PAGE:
Wayne State College is one of the few public colleges in America that actively discriminates against homeschool students. Lincoln Morris, Dean of Admissions and Recruitment, still insists that homeschool students must get a GED in order to matriculate at Wayne State. He writes, "Our requirement of the GED for homeschooled students does not restrict access to the College, and is consistent with the policies of other public institutions in Nebraska, with Nebraska state statutes, and is completely non-discriminatory." Mr. Morris continues to ignore homeschool protests of this policy. Treating homeschoolers just like dropouts is discriminatory in HSLDA's opinion.
Mr. Morris thinks Wayne State College policy is consistent "with Nebraska state statutes," but newly enacted LB 868 has a provision that may change all this. Senator Pam Redfield, who sponsored LB 868, wanted very much to protect parental rights in any legislation she enacted. That is why she was careful to clarify that homeschoolers graduate from their homeschool as soon as they complete "the program of instruction offered by a school which elects pursuant to Section 79-1601 not to meet accreditation or approval requirements." That means that a homeschooler can graduate as soon as they have finished the program of instruction their parents have defined for them. As long as that program of instruction contains sufficient credits to allow them to enter college, they should be able to go straight from home to college without delay.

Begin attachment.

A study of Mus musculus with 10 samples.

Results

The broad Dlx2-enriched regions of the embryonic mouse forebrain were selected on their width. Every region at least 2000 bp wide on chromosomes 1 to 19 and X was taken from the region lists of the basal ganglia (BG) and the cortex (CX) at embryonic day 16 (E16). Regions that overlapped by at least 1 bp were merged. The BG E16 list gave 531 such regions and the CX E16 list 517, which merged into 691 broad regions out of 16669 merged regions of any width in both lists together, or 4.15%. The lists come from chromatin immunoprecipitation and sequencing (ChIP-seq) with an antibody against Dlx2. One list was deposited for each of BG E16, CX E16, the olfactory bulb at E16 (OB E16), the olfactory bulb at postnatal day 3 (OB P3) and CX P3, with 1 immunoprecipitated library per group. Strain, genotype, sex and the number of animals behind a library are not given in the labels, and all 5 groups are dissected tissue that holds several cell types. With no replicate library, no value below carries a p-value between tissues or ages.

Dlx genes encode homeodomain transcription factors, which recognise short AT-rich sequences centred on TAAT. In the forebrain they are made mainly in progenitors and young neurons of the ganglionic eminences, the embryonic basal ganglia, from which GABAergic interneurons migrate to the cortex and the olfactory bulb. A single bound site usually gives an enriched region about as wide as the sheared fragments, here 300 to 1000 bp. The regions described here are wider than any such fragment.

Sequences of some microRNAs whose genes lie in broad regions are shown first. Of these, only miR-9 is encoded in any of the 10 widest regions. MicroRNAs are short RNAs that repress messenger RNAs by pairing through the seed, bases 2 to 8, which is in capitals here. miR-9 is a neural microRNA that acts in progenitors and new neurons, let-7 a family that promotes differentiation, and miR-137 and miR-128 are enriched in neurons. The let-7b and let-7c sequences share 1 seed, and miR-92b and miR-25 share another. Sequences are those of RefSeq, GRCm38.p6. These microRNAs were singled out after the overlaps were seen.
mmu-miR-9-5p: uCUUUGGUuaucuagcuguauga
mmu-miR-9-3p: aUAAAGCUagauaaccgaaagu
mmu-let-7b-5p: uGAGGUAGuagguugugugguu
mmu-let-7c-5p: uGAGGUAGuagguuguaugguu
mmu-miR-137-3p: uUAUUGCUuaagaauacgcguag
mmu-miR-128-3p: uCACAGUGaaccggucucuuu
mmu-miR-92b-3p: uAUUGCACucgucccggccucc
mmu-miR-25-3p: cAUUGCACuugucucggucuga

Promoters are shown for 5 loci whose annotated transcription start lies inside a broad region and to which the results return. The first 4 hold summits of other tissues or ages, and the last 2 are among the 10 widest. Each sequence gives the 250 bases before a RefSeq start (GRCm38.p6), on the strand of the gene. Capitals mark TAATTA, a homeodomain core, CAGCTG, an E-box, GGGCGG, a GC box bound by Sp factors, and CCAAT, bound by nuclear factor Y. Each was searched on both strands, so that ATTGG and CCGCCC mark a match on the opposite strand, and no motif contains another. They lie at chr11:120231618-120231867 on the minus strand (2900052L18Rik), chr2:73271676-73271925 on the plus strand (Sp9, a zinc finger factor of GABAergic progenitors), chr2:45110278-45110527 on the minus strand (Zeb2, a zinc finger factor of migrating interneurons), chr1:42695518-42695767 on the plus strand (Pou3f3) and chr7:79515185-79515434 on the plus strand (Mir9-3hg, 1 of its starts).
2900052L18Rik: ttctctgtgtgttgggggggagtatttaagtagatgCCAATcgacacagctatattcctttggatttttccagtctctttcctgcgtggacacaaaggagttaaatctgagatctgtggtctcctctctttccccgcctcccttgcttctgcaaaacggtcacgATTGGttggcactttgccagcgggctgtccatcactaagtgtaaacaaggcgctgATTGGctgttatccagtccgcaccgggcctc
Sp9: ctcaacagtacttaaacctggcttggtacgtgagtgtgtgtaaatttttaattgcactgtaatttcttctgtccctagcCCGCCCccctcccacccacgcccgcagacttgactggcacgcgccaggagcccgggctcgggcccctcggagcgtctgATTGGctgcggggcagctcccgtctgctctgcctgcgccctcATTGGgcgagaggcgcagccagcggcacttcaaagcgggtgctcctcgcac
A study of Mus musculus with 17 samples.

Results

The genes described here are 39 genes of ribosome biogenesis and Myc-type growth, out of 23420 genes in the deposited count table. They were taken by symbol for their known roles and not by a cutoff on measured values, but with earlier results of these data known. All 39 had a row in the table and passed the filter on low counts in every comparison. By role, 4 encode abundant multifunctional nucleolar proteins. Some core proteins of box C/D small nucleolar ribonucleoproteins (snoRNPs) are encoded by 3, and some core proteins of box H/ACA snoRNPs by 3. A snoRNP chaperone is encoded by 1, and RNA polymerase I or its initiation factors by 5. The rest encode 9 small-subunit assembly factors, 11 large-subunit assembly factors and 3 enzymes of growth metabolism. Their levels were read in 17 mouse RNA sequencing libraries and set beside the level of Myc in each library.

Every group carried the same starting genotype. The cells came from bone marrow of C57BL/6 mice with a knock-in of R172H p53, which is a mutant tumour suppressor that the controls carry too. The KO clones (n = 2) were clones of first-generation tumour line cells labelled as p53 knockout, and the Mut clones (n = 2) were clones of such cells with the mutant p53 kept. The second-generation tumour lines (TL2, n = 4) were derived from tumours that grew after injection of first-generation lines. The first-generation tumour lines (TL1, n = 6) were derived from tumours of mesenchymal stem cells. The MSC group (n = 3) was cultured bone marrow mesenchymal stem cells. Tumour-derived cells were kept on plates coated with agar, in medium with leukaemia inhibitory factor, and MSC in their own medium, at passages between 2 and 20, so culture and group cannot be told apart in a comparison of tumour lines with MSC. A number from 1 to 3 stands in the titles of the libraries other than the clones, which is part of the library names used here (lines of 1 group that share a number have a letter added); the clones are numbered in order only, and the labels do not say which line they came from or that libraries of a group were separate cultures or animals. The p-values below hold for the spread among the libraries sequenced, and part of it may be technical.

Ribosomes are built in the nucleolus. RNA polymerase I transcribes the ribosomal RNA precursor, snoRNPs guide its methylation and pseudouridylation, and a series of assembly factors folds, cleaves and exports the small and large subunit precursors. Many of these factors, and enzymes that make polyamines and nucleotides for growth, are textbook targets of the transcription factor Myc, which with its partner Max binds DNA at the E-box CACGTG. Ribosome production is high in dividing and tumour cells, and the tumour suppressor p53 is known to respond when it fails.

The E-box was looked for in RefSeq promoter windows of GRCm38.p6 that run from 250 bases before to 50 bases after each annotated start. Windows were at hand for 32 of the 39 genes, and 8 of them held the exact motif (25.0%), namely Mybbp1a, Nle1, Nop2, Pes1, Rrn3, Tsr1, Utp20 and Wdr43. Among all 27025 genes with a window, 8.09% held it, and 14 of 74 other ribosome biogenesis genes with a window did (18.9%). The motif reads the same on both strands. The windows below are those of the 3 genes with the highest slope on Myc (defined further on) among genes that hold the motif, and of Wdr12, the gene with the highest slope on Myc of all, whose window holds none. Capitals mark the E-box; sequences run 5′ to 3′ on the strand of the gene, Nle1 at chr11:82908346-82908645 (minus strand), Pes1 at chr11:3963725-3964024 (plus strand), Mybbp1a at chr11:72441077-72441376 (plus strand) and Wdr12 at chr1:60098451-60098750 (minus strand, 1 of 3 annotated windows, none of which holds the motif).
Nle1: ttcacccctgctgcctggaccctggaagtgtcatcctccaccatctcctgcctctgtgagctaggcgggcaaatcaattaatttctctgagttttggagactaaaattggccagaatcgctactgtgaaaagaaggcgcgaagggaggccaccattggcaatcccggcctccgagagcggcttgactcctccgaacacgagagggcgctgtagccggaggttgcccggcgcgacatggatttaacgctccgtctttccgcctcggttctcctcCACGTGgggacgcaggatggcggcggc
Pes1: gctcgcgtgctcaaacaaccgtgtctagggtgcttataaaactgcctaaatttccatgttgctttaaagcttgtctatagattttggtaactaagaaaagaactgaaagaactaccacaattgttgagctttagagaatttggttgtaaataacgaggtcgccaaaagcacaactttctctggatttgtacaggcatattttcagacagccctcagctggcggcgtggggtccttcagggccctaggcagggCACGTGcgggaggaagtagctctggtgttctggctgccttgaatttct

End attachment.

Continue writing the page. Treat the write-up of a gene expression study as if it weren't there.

I have written a letter to Wayne State College, outlining the impact of this new law and asking them to reconsider their current policy. I attach an electronic copy of this letter, along with the final version of LB 868 and of Nebraska 79-730, which governs the issuance of GEDs.
Please pray for parents of graduating seniors as they seek to overcome Wayne State's current policy. If you wish to write to Wayne State about their policy, please be polite and positive. It would be especially helpful to have families contact Wayne State if they have a child who will graduate before the age of 18. These graduates are the ones that are most harmed by the current policy of exclusion.